Do kids lie? It’s widely believed that they don’t, that kids always tell the truth. Then the question is: What is the truth? What adults want to hear or what kids really want to say? That’s one of the interesting challenges we faced when working with a school on increasing the awareness of higher education among its students.
Tell me what you want to hear…
When the principal of Lozano, a bilingual school in Chicago, first approached us, the innovation challenge was clear. She wanted to increase college readiness among her middle school students. Since the school caters to kids that, in most cases, will be the first in their families to get a degree, this wasn’t just a need but a personal mission she was determined to fulfill.
To solve this, our approach was to balance both insider and outsider thinking. We built hybrid teams that combined students, teachers, administrative personnel, and members of Junior Achievement and of our agency, LAPIZ.
We learned that kids don’t want to think about being adults. That’s too far off in the future for them. They’re busy spending time doing things they love: sports, art, playing games, and experimenting. Unfortunately, they find it hard to share their passions at home. Their parents tend to work long hours and are usually too tired to listen. Their teachers seem to be more open to talking about their dreams, but kids feel they put too much pressure on future careers. None of this is necessarily conducive to candid conversations.
We learned that kids don’t want to confront their teachers. They want to please them and appear obedient. Tell me what you want to hear and I will tell you your truth.
College is the solution to what problem?
We started by questioning the assumption that higher education equals success. We interviewed extreme users- people who are outside the norm: from a kid whose dad didn’t attend college and spent some time in jail, to a family of very successful entrepreneurs who never attended college but ran their own business.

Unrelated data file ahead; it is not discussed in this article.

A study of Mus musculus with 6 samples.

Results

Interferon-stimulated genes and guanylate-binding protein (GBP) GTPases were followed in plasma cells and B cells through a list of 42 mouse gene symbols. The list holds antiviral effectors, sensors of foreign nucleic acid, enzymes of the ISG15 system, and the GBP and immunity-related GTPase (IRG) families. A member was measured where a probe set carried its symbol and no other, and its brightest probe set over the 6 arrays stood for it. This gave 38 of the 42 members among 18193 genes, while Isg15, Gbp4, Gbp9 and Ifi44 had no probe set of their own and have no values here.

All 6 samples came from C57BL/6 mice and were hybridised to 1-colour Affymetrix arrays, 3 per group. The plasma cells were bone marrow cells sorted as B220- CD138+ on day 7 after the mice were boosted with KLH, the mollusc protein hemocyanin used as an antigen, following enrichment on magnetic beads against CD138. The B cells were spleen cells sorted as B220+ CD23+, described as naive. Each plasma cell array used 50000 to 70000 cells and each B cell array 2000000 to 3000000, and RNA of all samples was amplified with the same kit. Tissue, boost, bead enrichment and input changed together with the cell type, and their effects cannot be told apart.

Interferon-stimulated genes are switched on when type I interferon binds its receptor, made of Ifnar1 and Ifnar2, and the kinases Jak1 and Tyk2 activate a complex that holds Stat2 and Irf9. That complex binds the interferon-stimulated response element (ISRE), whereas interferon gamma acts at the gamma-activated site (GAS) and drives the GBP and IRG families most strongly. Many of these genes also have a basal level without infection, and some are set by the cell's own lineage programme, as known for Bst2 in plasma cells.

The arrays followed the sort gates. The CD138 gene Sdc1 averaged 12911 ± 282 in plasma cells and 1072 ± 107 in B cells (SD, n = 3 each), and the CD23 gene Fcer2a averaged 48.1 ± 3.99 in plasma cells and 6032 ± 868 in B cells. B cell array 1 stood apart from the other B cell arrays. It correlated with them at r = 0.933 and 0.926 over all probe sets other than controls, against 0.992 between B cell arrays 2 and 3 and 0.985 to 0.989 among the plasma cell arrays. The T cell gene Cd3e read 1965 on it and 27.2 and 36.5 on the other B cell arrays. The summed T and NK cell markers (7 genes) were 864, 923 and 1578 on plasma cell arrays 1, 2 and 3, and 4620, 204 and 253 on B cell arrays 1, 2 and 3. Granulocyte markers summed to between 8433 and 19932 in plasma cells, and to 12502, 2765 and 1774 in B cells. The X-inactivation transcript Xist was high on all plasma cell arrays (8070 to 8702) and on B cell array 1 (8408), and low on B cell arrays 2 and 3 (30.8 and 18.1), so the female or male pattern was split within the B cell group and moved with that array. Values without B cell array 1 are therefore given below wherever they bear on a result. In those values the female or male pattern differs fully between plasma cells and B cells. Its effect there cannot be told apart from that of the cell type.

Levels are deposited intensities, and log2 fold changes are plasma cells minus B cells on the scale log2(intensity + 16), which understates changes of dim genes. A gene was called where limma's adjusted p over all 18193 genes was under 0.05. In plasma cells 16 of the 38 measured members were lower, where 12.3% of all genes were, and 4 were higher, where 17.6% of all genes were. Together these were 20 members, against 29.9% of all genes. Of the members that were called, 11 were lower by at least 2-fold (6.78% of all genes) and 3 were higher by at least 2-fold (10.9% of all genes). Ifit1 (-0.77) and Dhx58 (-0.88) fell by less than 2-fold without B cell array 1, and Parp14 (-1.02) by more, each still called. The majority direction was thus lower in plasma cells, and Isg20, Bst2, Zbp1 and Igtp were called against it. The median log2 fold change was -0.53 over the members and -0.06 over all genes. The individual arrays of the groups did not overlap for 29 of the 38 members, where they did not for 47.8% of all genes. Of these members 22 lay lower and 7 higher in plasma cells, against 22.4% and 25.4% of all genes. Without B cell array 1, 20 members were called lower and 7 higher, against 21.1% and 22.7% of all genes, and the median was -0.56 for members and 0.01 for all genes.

Take the case of a student whose parents want him to go to college and become a lawyer. They think this will give him a financially secure life. When asked about college, though, he really didn’t know what it meant. His parents couldn’t engage him in conversation about the topic, because they haven’t gone through the process themselves.
His parents already have a specific idea of what he should do in life: get a degree and you’ll be happy. So when he tries talking to them about what really matters to him — his dreams — , they get upset.
Dream a little dream for me
Parents see college as the magic ingredient for their children’s success, yet they are clueless about what their kids want and where their passions lie. This helped us reframe the original challenge to, “How might Lozano School help parents understand and recognize their children’s dreams and aspirations for the future.”
It was great to see how the school principal, after experiencing it firsthand, moved away from her original thoughts and embraced the finding: It’s not about college. It’s about getting them ready to succeed as adults.
A cause, a dream, can be materialized in different ways. For example, one of the students wants to help others when he grows up. In terms of a career path, he could do that by either becoming a teacher, a social worker, a doctor or a lawyer. More than 60% of US adults feel emotionally disconnected from their workplace. You can blame it on the companies if you’d like. The reality is that if people could reconnect with their purpose, it would be easier for them to find news ways to bring that passion to life.
That was precisely the approach of our solution prototype: a school-run workshop to help parents reconnect with their own childhood dreams. This will help them open up and be willing to listen to their kids more. At the end of the day, it’s all about the importance of being true to oneself. If we accomplish that, who cares if kids sometimes lie?